Written by Michael Frank
In the next few months, Christmas movies will constantly be on television and in the theaters. For most people, new releases will be peppered into their usuals, the classics they rewatch every single year. Robert Tinnell’s new film attempts to break into that cycle, with big families, big hugs, and big meals.
Feast of the Seven Fishes follows Tony (a rapidly rising Skyler Gisondo), an artsy young man stuck in the family store, as he meets Ivy-leaguer Beth (an adorable Madison Iseman). Tony comes from a large Italian-American family, while Beth is a “cake-eater” or non-Italian. They spend a night together due to his cousin’s and her friend’s romance, complete with a strip club visit to see Tony’s old girlfriend, a punch in the face, and Tony showing Beth his art studio. The next morning, one of Tony’s uncles invites Beth to Christmas evening’s Feast of the Seven Fishes, and she reluctantly agrees.
The film falters in the first 45 minutes, with shaky dialogue that feels forced. The connection between these two struggles to materialize, and Tony’s past relationship should likely cause a bigger problem. The relationship between Tony’s cousin and Beth’s friend interests you much more.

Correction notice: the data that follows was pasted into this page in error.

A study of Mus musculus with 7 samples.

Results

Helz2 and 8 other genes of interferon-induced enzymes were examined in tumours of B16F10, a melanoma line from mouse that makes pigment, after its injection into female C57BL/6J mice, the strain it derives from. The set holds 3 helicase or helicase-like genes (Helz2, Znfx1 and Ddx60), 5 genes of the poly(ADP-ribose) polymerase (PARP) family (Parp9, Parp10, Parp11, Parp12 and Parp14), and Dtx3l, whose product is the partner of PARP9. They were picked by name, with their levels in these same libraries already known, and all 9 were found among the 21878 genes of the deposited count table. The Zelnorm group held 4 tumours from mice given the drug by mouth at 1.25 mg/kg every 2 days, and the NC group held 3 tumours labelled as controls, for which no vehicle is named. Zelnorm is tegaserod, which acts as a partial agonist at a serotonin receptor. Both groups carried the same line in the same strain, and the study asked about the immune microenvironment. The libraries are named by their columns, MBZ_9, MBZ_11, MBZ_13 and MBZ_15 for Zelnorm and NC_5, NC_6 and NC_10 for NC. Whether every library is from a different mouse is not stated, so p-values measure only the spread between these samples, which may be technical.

The film switches perspectives between Tony; Beth; Juke (Josh Helman), a knowledgeable and kind loner of a young man; and Tony’s ex-girlfriend Katie (Addison Timlin) throughout the film. Some of the strongest moments come in these changes, as Juke and Katie find solace in each other’s loneliness. We see the struggles they endure, and the insecurities they are fighting in a supposed time of joy. While Tony and Beth live out a night of family fun, these two experience pain and there’s power in allowing their stories to have a bit of time in the film.
More than anything, Tinnell’s film personalizes Christmas. He pulls in his own upbringing, resulting in a film that brings a substantial amount of joy in 95 minutes. The supporting cast is solid in their various roles within the family, and the two leads eventually have enough chemistry to make it work. The uncles and grandmother sound like regular, wild family members. It doesn’t feel fake. Both Gisondo and Iseman charm on their own, and that’s more than enough to make you smile throughout the film.
The Italian-ness of the film shines most brightly though. You can tell that Tinnell enjoyed making this film, which he shot in his own grandparents’ home. It is a film that is close to him and the personal nature of it all makes it all much more special. Feast of the Seven Fishes isn’t the most well-written Christmas movie, but it was made with love and family in mind, and that’s makes a big difference.